The recent news in the United States has headlined the occurrence of soybean rust, a disease new to the United States on soybeans. The horticulture industry has a rust concern of its own. Chrysanthemum white rust (CWR), caused by Puccinia horiana, is a pest (fungus) of quarantine significance in the United States. The importation of CWR host plants is prohibited from infested countries and regions because of the potential of transporting this organism with the host plants.
This disease is not yet established in the United States. It is indigenous to Japan and is now established in China, Europe, Africa, Australia, Central America, South America, and the Far East. Although the disease is not established in this country, it has been found in sporadic outbursts and has the potential to be very damaging to U.S. commercial horticulture and floriculture industries. According to the national management plan, CWR may cause complete loss of glasshouse chrysanthemum crops. When CWR has been detected in the United States, state and federal regulatory bodies have worked toward immediate eradication of the disease. The national management plan for chrysanthemum white rust can be found at http://www.aphis.usda.gov/ppq/ispm/cwr/cwrplan.pdf.
In September 2004, USDA APHIS PPQ confirmed the presence of chrysanthemum white rust in nurseries and even some residences in Pennsylvania, Delaware, Maryland, and New York. For details on these findings and regulatory reactions, visit the national phytosanitary alert system of the North American Plant Protection Organization at http://www.pestalert.org/notifications.cfm?region=United%20States#124. In that document, it states that “When CWR is found in the United States, the States and PPQ cooperate to eradicate it… Disposal of infected plants and weekly fungicide sprays of myclobutanil are required to manage this disease as outlined in the CWR Management Plan for Exclusion and Eradication.”
With recent taxonomic changes, most plants we knew as chrysanthemums are no longer in the Chrysanthemum genus. In fact, the three species that remain in the Chrysanthemum genus are not susceptible to this rust. Susceptible plants include Dendranthema species (florist’s mum, florist chrysanthemum, cultivated mum), Nipponanthemum species (Nippon Daisy, Nippon-chrysanthemum), Leucanthemella species (high daisy, giant-daisy), and Ajania pacifica. Apparently resistant species include annual chrysanthemum, crown chrysanthemum, pyrethrum, marguerite daisy, ox-eye daisy, and corn marigold. The rust fungus is an obligate parasite. It grows and reproduces only on susceptible plants. Still, the teleospore stage of this fungus can survive up to 8 weeks on detached leaves at 50% or less relative humidity.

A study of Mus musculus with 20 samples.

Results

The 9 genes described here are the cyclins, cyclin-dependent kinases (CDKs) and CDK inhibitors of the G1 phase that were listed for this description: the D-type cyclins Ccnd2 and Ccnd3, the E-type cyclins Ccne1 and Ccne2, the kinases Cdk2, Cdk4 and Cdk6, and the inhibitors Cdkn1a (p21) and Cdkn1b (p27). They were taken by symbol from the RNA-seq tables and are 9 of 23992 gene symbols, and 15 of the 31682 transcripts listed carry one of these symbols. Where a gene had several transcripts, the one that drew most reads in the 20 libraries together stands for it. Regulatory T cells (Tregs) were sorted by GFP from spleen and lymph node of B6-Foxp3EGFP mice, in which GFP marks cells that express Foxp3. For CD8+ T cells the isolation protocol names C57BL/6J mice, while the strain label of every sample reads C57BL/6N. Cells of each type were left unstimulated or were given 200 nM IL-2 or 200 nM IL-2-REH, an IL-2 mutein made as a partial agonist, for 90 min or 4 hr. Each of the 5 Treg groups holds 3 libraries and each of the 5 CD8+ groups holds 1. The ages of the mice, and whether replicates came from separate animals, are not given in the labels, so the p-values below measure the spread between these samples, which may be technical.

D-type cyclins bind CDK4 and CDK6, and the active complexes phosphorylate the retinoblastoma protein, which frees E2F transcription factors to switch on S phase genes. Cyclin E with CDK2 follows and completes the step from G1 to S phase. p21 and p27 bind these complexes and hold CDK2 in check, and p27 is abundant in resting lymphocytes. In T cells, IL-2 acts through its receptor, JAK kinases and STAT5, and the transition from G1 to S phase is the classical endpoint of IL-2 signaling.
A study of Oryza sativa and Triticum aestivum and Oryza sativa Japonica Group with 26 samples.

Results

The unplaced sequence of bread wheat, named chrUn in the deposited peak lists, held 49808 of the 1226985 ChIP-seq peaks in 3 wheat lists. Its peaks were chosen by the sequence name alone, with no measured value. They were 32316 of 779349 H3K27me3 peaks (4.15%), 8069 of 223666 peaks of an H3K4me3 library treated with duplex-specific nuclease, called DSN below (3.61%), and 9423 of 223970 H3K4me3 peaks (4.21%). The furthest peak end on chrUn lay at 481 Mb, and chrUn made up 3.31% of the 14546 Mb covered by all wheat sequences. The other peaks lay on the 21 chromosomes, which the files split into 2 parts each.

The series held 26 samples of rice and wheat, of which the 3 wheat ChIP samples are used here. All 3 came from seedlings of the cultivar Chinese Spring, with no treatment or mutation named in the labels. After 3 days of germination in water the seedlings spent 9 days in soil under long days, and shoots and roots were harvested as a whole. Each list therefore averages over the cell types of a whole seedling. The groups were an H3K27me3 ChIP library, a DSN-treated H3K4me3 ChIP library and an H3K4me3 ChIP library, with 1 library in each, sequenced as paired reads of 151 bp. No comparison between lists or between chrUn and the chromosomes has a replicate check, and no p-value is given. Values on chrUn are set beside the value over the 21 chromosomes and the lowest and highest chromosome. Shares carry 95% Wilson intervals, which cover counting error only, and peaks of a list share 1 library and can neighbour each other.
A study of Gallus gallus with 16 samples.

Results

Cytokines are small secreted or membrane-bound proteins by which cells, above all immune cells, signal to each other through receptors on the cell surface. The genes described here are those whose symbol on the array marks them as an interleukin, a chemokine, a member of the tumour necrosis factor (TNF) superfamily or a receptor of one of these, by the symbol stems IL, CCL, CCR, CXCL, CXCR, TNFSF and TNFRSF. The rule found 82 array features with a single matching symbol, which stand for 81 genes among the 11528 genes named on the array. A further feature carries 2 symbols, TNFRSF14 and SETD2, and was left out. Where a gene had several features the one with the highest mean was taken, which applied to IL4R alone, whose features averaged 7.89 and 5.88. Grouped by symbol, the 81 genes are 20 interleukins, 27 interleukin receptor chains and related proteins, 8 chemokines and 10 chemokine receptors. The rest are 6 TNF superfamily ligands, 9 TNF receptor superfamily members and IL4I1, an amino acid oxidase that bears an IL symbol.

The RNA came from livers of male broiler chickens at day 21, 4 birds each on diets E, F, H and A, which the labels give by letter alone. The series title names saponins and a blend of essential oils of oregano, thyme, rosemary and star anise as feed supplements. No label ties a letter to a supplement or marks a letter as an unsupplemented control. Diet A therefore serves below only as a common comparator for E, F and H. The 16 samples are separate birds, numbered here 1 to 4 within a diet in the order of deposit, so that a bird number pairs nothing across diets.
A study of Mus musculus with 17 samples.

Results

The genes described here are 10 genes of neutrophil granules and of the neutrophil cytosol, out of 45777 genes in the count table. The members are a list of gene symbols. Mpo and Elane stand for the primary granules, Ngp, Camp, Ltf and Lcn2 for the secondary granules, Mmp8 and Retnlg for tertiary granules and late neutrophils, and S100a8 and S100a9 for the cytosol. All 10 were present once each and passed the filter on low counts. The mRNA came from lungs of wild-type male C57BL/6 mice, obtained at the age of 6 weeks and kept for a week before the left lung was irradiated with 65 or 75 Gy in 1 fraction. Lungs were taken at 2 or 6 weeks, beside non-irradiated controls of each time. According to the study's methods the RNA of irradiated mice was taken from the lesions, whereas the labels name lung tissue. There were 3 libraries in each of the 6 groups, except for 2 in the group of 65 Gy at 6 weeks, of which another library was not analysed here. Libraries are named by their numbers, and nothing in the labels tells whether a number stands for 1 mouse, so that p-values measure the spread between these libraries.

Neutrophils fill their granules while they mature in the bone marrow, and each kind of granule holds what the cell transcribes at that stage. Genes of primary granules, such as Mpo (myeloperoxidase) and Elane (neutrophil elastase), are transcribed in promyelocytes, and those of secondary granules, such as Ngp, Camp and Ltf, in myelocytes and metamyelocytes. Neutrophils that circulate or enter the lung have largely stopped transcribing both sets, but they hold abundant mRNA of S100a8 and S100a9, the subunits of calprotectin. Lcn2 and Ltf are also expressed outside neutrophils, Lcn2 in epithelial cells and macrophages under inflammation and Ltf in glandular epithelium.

Symptoms of CWR include small white to yellow spots up to 4 to 5mm wide on the upper leaf surface. The spots may become dimpled and brown with time. Pustules of the rust form on the underside of the leaf, under these spots. The pustules are at first a buff to pink color but turn white with age, thus the name white rust. The plants may be symptomless in hot, dry weather. Cool, wet conditions promote symptoms. Spore spread is by splashing water or by wind in wet conditions. Symptoms usually develop from 5 to 14 days following infection. Often the disease is brought into a clean greenhouse on infected cuttings. Because infected cuttings may appear normal, buy healthy cut-tings and inspect them regularly, especially in cool, wet conditions. A British Columbia fact sheet on CWR with images of the disease can be found at http://www.agf.gov.bc.ca/cropprot/cwrust.htm.
Additional updates about this disease will be tracked in next season’s Home, Yard, and Garden Pest Newsletter. Special alerts will be sent to Extension offices as the need arises. Should you find this disease or suspect samples, contact Nancy Pataky of the University of Illinois Plant Clinic at (217)333-8375.